Addiction Helpline and Resource Center

Obtaining Prescription Drugs

Prescription drug abuse has been on the rise over the past decade. The addictive qualities of these particular types of drugs convince people that the only way to cope with their current situation is by taking these particular medications. Therefore the accessibility and availability of obtaining these drugs is becoming increasingly easier. Internet pharmacies are on the rise but criminal activity is also. So therefore, governmental regulations are becoming more the norm in this particular area, working with healthcare professionals, passing bills and laws that hammer down on such activity. It is occurring in epic proportions in almost every state. But it’s an issue that is easy to abuse.

Buying prescription drugs online.

Buying prescription drugs online.

Online Pharmacies

Numerous government studies reveal that the majority of Internet sites allowing you to get prescription drugs and don’t even require a formal doctor’s prescription. The drugs are bought directly from the pharmacy and there are almost never any questions asked and no IDs are required for purchase.

Criminal Activity

The most obvious means of obtaining prescription drugs is through theft and robbery. Individuals and pharmacies have been known to be robbed for controlled substances, many times with demands for certain drugs. They can also be broken into after hours. This is a federal offense. Abusers may also just walk out of a pharmacy without paying for the prescription.

Other deceptive criminal activity that’s been known to happen involves:

  • In-home workers (carpet layers, cleaners, plumbers, etc.)
  • Realty open house scam (goes to open house and checks cabinets for drugs)
  • In-home health care providers, service personnel
  • Parties

Street Trade of Prescription Drugs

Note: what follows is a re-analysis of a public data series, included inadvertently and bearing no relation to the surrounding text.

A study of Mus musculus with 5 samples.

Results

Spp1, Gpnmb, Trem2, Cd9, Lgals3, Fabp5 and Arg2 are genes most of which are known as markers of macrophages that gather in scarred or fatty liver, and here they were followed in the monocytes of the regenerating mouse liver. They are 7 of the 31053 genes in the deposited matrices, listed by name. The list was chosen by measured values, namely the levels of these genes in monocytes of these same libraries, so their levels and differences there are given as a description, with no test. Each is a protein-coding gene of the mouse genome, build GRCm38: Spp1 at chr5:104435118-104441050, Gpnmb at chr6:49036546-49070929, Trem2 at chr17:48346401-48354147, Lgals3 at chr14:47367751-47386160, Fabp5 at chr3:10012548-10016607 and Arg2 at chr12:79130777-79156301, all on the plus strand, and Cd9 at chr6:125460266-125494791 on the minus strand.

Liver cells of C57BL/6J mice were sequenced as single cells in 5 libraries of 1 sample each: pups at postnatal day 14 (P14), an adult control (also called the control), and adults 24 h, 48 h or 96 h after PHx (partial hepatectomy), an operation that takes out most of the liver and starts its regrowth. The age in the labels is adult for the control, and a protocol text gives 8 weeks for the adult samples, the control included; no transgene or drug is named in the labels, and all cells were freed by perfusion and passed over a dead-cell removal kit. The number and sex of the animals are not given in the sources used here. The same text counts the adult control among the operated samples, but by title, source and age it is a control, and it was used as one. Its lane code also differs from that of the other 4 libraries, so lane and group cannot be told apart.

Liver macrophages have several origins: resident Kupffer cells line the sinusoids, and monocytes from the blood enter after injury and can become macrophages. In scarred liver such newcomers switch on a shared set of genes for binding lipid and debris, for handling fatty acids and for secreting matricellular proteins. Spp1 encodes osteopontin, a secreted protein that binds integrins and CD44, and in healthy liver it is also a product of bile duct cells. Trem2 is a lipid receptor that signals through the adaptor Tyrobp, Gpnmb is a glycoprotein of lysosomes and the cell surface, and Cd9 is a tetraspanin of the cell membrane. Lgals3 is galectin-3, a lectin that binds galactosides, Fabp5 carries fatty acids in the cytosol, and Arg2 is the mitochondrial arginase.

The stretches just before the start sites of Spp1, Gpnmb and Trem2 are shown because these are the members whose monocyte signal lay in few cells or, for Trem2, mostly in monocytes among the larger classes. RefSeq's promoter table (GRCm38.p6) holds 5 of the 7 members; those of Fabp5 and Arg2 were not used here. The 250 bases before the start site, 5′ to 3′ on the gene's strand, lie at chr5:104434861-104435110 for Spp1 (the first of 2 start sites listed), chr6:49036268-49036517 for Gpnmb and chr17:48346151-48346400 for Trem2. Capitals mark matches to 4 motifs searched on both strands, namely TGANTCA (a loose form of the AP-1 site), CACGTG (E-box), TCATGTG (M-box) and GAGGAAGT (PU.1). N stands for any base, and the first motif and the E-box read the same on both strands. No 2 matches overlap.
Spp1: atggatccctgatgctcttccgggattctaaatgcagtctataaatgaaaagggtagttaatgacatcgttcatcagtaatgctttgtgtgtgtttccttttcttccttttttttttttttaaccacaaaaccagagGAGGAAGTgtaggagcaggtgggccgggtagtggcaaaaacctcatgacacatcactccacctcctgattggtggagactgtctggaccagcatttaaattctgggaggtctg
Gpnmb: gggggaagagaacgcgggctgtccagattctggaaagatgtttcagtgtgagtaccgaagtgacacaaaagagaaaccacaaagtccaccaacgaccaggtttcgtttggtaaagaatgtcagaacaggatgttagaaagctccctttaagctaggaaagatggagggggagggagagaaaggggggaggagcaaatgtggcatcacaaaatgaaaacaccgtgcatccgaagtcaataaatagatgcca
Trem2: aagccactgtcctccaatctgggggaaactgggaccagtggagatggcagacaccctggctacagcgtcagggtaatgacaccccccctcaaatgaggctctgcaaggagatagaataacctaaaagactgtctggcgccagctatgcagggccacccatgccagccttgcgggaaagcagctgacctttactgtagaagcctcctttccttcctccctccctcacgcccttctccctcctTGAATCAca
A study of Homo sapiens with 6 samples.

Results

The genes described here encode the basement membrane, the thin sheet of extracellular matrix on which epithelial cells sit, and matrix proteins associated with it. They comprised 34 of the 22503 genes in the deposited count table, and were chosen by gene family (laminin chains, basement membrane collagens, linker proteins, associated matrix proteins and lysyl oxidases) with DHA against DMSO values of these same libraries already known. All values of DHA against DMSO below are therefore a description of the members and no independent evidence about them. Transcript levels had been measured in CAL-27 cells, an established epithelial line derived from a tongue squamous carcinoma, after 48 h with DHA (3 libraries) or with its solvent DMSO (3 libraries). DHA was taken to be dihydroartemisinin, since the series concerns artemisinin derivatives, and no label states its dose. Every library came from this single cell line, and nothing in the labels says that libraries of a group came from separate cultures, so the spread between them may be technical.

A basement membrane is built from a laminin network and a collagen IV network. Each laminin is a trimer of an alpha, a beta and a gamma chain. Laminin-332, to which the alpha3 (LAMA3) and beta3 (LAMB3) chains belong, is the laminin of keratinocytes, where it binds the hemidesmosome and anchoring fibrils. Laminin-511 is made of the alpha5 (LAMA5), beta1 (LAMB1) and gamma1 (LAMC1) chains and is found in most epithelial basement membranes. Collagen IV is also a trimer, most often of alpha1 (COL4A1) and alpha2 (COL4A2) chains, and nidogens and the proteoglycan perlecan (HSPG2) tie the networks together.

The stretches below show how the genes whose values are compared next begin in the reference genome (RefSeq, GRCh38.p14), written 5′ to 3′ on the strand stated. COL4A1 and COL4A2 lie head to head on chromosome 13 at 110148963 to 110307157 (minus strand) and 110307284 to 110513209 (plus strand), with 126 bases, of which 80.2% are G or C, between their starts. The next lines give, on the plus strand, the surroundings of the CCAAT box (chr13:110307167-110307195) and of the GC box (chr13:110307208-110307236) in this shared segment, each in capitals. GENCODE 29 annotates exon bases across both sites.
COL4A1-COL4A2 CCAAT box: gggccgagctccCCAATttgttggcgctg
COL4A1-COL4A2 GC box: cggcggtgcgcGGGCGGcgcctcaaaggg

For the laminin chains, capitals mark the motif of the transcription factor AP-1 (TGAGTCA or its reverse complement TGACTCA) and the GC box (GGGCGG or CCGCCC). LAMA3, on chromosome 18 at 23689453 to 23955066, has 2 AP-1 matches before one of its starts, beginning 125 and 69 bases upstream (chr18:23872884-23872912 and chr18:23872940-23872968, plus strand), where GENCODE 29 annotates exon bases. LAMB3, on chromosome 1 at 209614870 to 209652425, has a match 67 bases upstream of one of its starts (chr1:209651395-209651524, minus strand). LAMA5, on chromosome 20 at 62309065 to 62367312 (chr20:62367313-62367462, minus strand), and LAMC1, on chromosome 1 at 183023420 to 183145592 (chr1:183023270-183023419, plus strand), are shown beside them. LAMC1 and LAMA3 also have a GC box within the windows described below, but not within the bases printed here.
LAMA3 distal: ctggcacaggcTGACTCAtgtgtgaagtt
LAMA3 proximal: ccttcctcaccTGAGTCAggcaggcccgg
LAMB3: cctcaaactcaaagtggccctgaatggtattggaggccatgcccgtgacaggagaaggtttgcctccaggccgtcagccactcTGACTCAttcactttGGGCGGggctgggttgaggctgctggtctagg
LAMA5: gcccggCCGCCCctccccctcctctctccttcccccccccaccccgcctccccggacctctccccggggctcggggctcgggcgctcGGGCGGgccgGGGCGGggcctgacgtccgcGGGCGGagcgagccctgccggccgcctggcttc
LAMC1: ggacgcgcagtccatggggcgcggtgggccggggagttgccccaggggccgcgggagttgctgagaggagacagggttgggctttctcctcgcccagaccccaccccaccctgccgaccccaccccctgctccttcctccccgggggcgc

Doctor-shoppers are people who visit a dozen doctors a day, get prescriptions for specific drugs and then sell those drugs illegally. They deceive medical professionals by lying to them about seeing other doctors and receiving prescriptions from them. Some will go into doctors’ offices and steal prescription pads and write phony prescriptions.

The street trade in prescription drugs is supplied by them. Drug diversion experts said despite the size of the problem, police departments across the country dedicate few resources to fight it. As in any major city, Cincinnati‘s drug diversion problem isn’t limited to an open-air market in a single neighborhood. It’s everywhere there are people, anywhere you find a hospital, pharmacy or doctor’s office.

The unit has focused on doctors, nurses and hospital workers who divert drugs for their own use. Of 250 felony arrests in 1999, 30 percent involved healthcare professionals.
At one point, a healthcare professional was being arrested everyday and a nurse every 10 days.

Diversions by healthcare professionals have also found:

  • Theft (Take from patient drawer, or falsify drug wastage)
  • Substitution (substitute the controlled drug for a non-controlled drug)
  • Alteration (dilute drug after taking some or all of the controlled substance out)
  • Falsification of drug documents (not recording or intentionally incorrectly recording drug transaction, falsifying doctor’s orders)
  • Doctor intentionally writing an illegal prescription for himself or another

Other ways Pharmaceuticals are Diverted

The diversion for pharmaceuticals and prescription drugs range from the simple scam to complex and organized operations. Below are samples of typical diversion scams.

  • Emergency Room Hopping– The abuser visits several emergency rooms, sometimes in the same day, and seeks narcotics for an alleged injury. They give false information to the doctor in order to obtain pills.
  • Phony Prescription Call– In- The abuser or an accomplice calls in a prescription to a pharmacy acting as a nurse or other office worker. After picking up the prescription, the abuser will give a different phone number other than the doctor’s office for the call back, or if they are employed in the office, will give their direct line.
  • Prescription Forgery / Alteration– The abuser will forge or alter a prescription by creating a prescription on the computer, photocopying, or using white out or nail polish remover. Forging or altering a prescription is a felony in Ohio. This includes changing the dose, refills or strength of the medication.
  • Doctor’s Office or Phone Service Scam– The abuser or accomplice actually works for the doctor or his answering service and either calls in a phony prescription or approves it if the pharmacy calls to verify the prescription. A phone service scam involves someone working for the service that knows which doctors will not return calls from the answering service. They then know which doctor’s name to use on the phony prescriptions.

Prescription Drug Addiction Help

If you or someone you know is struggling with a prescription drug addiction, we can help. Please call our toll free number. We are available 24 hours a day to answer your questions on prescription drug addiction treatment.